With the return of cool night and short days, late August stirs up Great Lakes Salmon to start their spawning run. Hitting a fresh run of silver salmon is awesome, I only hit it perfectly once. It was quite a few years ago, but I’ll never forget it. I popped down to one of my favourite rivers to see how high it was running after a night of light rain, and maybe spot any salmon that had snuck in under the cover of darkness. The water was up, and splashing, there were salmon powering through the river everywhere. I grabbed the gear I had in the truck and for the next 5 hours, I hooked one Chinook after another – they hit everything I had. Despite getting the hits,I only managed to land one (after a grueling 45 minute fight), the rest systematically destroyed my gear, smashing floats, straining the rod beyond belief and chewing-up line with one 100 yard run after another.
A couple of days later, I got the chance to get back to my spot. This time I was ready for them, I picked-up some heavy gear and lots of spare tackle. I thought that I would rack-up some impressive numbers! The crazed monsters that were smashing everything I had a few days before, had become timid and sheepish. They could barely muster enough energy to move away from my bait. I eventually left my secret spot, disgusted with those salmon. It was amazing to see how quickly they turned off once they hit the rivers.
I quickly discovered, as many Great Lakes anglers already know, that when salmon first enter a river system they are quite aggressive, but quickly shut down after a day or two. Once they go into full spawning mode, most anglers will either try flossing them, or aggravating them into a strike (typically with small bright flatfish style crank baits or by repetitively drifting bright flies or roe bags in front of them). Flossing, or lining, salmon is a technique where the angler drifts their leader across the current and into the salmon gaping mouth. The force of the current on the line then drags their fly or roe bag into the corner of the salmon’s mouth and hooks it. This is basically snagging and it is generally considered illegal in most states and provinces, but it is still widely practiced on both sides of the border. Fortunately, there is a better option, the single egg fly.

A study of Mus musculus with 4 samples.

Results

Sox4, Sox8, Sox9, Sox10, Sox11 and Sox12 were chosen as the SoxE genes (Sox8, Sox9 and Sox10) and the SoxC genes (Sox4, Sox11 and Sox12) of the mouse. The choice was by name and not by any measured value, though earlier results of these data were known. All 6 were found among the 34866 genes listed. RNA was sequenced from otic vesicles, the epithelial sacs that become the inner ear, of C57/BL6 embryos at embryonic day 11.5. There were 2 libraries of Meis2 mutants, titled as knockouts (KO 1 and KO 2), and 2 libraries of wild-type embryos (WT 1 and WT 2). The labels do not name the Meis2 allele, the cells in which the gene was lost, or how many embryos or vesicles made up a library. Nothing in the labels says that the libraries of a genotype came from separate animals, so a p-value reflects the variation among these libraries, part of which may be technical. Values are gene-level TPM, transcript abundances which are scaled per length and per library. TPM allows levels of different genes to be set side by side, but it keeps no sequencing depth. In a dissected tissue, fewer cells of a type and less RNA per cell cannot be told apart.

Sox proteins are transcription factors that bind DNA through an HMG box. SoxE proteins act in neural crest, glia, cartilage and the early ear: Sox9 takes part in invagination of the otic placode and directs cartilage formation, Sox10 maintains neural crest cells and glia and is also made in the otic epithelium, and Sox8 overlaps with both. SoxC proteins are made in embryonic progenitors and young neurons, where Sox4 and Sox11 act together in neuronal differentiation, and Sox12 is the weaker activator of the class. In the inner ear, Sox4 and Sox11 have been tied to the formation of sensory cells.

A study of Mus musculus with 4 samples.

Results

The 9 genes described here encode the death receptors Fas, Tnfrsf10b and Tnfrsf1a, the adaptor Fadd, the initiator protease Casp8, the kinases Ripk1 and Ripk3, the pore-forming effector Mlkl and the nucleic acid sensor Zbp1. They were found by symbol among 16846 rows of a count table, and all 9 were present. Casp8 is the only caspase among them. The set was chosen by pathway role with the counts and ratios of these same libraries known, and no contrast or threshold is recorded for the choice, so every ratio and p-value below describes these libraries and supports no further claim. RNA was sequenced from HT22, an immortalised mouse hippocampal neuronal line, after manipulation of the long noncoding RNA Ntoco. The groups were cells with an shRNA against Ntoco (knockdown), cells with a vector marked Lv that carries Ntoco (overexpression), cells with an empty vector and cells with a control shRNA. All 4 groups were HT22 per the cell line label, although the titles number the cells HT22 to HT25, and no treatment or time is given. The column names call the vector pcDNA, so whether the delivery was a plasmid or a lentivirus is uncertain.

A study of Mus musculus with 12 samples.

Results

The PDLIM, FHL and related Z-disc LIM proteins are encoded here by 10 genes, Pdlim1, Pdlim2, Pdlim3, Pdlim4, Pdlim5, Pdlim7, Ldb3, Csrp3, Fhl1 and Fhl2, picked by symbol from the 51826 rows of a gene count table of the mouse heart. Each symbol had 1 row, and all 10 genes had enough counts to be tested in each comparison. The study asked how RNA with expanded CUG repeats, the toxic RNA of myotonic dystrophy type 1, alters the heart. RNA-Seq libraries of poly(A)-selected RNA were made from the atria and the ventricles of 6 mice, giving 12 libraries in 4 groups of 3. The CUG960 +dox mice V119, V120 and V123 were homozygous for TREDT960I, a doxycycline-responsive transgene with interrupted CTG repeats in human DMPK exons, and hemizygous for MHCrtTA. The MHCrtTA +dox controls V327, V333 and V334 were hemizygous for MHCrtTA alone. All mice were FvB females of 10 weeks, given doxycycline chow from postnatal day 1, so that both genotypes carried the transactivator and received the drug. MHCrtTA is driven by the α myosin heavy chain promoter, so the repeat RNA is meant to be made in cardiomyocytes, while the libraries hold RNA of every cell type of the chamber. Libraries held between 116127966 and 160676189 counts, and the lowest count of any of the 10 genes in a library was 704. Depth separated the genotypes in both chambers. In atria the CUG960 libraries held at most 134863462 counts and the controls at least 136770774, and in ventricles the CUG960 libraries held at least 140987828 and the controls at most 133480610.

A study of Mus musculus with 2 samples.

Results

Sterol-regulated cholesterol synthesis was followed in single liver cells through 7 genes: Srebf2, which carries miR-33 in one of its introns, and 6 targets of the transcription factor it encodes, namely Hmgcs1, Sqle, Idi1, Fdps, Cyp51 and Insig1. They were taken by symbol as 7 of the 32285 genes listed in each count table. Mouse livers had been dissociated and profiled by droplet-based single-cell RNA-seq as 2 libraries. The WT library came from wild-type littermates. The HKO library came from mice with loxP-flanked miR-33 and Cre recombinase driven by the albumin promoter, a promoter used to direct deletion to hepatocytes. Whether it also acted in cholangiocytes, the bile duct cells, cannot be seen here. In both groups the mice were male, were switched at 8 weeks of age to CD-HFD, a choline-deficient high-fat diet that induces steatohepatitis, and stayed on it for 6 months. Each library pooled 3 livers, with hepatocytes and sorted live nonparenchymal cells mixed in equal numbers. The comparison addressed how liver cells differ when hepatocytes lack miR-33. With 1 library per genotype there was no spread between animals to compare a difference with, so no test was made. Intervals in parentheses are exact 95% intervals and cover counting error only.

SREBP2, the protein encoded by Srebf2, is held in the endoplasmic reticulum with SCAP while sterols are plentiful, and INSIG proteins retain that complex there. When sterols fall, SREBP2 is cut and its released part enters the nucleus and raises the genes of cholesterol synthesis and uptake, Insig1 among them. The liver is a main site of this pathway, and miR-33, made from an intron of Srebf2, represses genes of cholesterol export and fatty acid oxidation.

A while back a friend of mine asked my to bring him salmon fishing, because he had never caught one before. I begrudgingly took him to a well known creek and quickly found a pool stacked with dark salmon. A few other anglers were there trying everything under the sun, but they mostly just snagged and released the occasional fish. We tried getting them to hit a bright Woolly Bugger drifted under the float without any success. We switched to Stoneflies and Hexagenias then to Wigglers and Woolly Worms. Nothing produced a single take. In an act of desperation, we lengthened our leader and tied on a single egg fly, figuring they would be light enough to drift the leader along the bottom.
We hooked one on the first drift. The float plunged a foot beneath the surface, I set the hook and the fish went nuts tearing across the pool. I eventually landed it, with the single egg fly right at the tip on the snout, not in the corner as I expected it. My buddy hit one a few drifts later, then we hit another and another, then a double header, then a few more. All hooked cleanly in the snout. I knew that we were really onto something because no one else was hooking anything while we were pounding them. We eventually ran out of single egg flies and couldn’t hit another fish on anything else. The single eggs were like magic!
While recounting this story at a local shop, the owner, an accomplished steelheader, told me that the single egg fly has been a secret weapon for him for years and that he only shared this secret with a few of his top customers. After doing a fair bit of research with a number of professional guides and other shop owners, it seems that the single egg flies have been one of the deadliest secrets for finicky salmon on their spawning run. West Coast anglers routinely have great success on both steelhead and salmon with just a small piece of yarn on the back of a big octopus hook. The general consensus is that salmon hit single eggs because they are trying to clear away what they believe is a stray egg. Most of the anglers I spoke with base this on the fact that the salmon generally don’t strike too aggressively, the way they might hit a flatfish crankbait or pink plastic worm, they just gently pluck at the fly as it drifts by.
Regardless of the reason why salmon hit them, give single egg flies a try this season, you’ll be glad you did.
We recommend running the 11′ IM6 or 11’6″ IM6 rods when targeting Salmon as they are designed to handle heavier line and take the abuse. Try running 6 to 12lb fluorocarbon with 10 to 15lb main line.